The dispiriting photo shared by a parent in receipt of a Government school meal food parcel – where the items appeared to add up to around £5 – has left many suggesting that they could provide a healthy, more satisfying box of food for the same price.
Fierce criticism of the scheme, which this morning saw Prime Minister Boris Johnson meet once again with food campaigner and football star Marcus Rashford, came after a Twitter user, RoadsideMum, shared an image of what she’d received from the £15-a-week per child scheme paid for by the Government.
The photo showed a sparse package from suppliers Chartwells, run by £24.8billion-earning Compass Group UK & Ireland, and was designed to feed one child not at school for a week. The items included bread, a few slices of cheese, two carrots, a small tin of baked beans, three apples, a portion of pasta, two small Soreen loaves, and three Frubes yoghurt tubes.
FEMAIL sent out a reporter to see exactly how far a food budget of £15 could stretch…and whether their purchases could be transformed into healthy, child-friendly dishes.
Here we reveal how £15 can create filling lunches to last for a week, including pasta with beef meatballs and an omelette, with fruit and snacks for dessert, shopping at Aldi and a local greengrocer.
Parent @RoadsideMum on Twitter shared a dispiriting photo of the food parcel she’d received from Chartwells under the Government’s free school meal parcels scheme; it was estimated the food cost around £5.22 with the remainder of the £15 allocated to profit, delivery and packing
By Jo Tweedy
Mask firmly on, I headed out to a local fruit and veg shop and then a cut-price supermarket to see just how far I could get £15 to stretch – determined to bring home better food than the meagre-looking items sent to Twitter user @RoadsideMum in the photo that went viral yesterday.
Making a list before I went to ensure I didn’t get tempted by spontaneous purchases, the remit was clear – include a good mix of fresh, tinned and dried foods that could be used to create healthy, satisfying lunches for a child for the homeschooling week, with some treats thrown in.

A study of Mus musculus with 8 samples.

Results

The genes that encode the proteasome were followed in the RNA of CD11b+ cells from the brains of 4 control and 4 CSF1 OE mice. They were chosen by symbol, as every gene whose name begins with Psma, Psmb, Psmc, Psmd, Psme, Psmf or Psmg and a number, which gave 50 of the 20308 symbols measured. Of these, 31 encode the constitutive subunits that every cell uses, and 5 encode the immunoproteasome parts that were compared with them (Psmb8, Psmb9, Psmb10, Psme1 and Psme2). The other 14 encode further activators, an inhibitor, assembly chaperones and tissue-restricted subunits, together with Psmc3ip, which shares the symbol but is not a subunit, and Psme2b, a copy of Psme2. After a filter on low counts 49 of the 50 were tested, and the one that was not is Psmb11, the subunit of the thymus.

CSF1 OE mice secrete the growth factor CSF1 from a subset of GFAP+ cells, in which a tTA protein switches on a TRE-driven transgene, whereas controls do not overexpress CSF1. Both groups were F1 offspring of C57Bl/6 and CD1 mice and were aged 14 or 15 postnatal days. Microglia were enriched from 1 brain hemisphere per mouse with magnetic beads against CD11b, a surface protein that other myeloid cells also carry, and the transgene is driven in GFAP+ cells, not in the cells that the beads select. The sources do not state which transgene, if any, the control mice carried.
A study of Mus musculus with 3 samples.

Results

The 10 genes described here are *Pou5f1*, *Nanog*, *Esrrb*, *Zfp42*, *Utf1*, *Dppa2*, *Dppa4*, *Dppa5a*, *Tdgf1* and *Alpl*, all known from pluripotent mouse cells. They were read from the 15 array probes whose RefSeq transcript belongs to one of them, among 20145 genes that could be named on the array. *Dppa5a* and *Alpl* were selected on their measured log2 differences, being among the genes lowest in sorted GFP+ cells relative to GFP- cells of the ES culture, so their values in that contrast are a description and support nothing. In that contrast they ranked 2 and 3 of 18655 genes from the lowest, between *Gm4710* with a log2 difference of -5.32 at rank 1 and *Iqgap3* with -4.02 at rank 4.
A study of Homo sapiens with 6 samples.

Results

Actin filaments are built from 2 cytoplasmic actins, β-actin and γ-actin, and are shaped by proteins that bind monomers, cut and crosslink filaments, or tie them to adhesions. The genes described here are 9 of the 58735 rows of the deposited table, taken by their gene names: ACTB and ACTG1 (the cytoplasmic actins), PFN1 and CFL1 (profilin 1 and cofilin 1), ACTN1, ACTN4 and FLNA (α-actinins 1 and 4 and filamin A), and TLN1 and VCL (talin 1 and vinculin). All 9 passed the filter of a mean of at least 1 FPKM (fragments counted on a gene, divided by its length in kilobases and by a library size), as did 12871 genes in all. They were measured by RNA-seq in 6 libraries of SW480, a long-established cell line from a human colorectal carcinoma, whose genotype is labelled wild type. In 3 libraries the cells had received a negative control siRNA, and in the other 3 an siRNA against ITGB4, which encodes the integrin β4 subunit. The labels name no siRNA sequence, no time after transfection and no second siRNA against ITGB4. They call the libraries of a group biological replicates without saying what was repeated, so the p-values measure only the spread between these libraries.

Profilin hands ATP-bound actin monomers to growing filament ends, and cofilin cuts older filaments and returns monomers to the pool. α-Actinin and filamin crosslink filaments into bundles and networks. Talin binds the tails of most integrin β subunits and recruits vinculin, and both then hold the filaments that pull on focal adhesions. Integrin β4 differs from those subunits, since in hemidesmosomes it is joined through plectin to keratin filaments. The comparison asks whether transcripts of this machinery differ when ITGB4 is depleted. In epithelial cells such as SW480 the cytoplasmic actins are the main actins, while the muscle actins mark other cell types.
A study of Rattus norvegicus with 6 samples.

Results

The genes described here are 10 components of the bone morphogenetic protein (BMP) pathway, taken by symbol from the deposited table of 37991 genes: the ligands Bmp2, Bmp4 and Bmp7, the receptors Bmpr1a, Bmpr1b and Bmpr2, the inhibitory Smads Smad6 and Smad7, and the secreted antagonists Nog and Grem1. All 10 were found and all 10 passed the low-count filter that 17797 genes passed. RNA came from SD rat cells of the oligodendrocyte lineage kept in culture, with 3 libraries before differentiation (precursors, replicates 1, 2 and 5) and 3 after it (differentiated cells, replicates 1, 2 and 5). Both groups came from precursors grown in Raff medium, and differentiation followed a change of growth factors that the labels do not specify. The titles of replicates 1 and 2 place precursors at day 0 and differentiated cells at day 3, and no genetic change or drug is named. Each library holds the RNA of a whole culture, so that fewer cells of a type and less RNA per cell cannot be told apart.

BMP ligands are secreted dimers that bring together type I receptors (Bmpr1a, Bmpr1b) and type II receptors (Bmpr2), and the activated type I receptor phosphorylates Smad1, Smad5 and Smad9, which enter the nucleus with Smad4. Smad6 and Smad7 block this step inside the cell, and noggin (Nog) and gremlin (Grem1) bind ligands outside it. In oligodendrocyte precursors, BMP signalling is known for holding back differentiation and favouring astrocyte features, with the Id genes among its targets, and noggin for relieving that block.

First stop, my local greengrocer, where rows of delicious-looking healthy fruit and veg had been fetched at dawn from a West London wholesaler.
My basket ended up with seven pieces of fruit – a combination of plums, apples and satsumas – as well as salad (vine tomatoes and a cucumber) and plenty of veg – broccoli, carrots, a red pepper, onion and baking potatoes.
FEMAIL reporter Jo Tweedy went shopping with a set budget of £15, the same amount being allocated to English schoolchildren accessing free school meal parcels during lockdown
After spending £6.59 on fresh fruit and vegetables at her local greengrocer, Jo headed to cut-price German supermarket Aldi to spend her remaining £9 budget and came away with a bag groaning with dried, tinned and fresh foods
I could, I’m sure, have paid less at any one of the major supermarkets…but my bill still only came to £6.59, leaving me with almost £9 left to spend on drie
d foods and other fresh products.
I decided to make for one of the UK’s low-cost food stores to try and eke out as much as I could from the remaining £8.51, using the calculator on my phone to ensure I stuck to the budget.
Arriving at my local branch of German supermarket Aldi, I decided to first stock up on easy lunches from the dried goods aisle.
Fresh from the wholesaler that morning, the fruit and veg in Jo’s basket came to £6.59
More than enough for one child for one week, Jo picked up carrots, baking potatoes, broccoli, cucumber, red pepper, apples, vine tomatoes, plums, satsumas and an onion
At Aldi, a 20 pence bag quickly filled up with fresh, tinned and dried goods including eggs, pasta and cans of soup
My basket quickly became heavy with two tins of soups, family bags of pasta and rice, and a loaf of wholemeal bread – plus tuna and tinned tomatoes – but I barely dented the budget by more than £3.
Meat and dairy came next. While it definitely wasn’t easy keeping my remaining budget in tact, I managed to add in fresh beef meatballs, mild cheddar, bacon lardons and two pints of milk – and some sweet treats too in the shape of chocolate oat biscuits and baked cheese snacks.
How will these groaning bags transform into hot lunchtime meals for five days?
There’s plenty of options: Penne pasta with beef meatballs and lardons cooked in an easy-to-make tomato sauce, served with grated cheese.
Or perhaps a tuna rice salad, with red pepper, broccoli and onion, served with carrot sticks. With fruit, yoghurt and chocolate biscuits all options for pudding.
The final bill for my whole shop came to £14.19 – after I’d divided up the price of some of the family packs I’d bought (cheese, bread and meatballs)…and obviously doesn’t include delivery or the logistics of picking and packing that the companies being paid by the Government scheme face.
However, assuming firms like Chartwells can negotiate strongly on high street p
rices, it certainly feels like profits are being put long before decent meals for kids.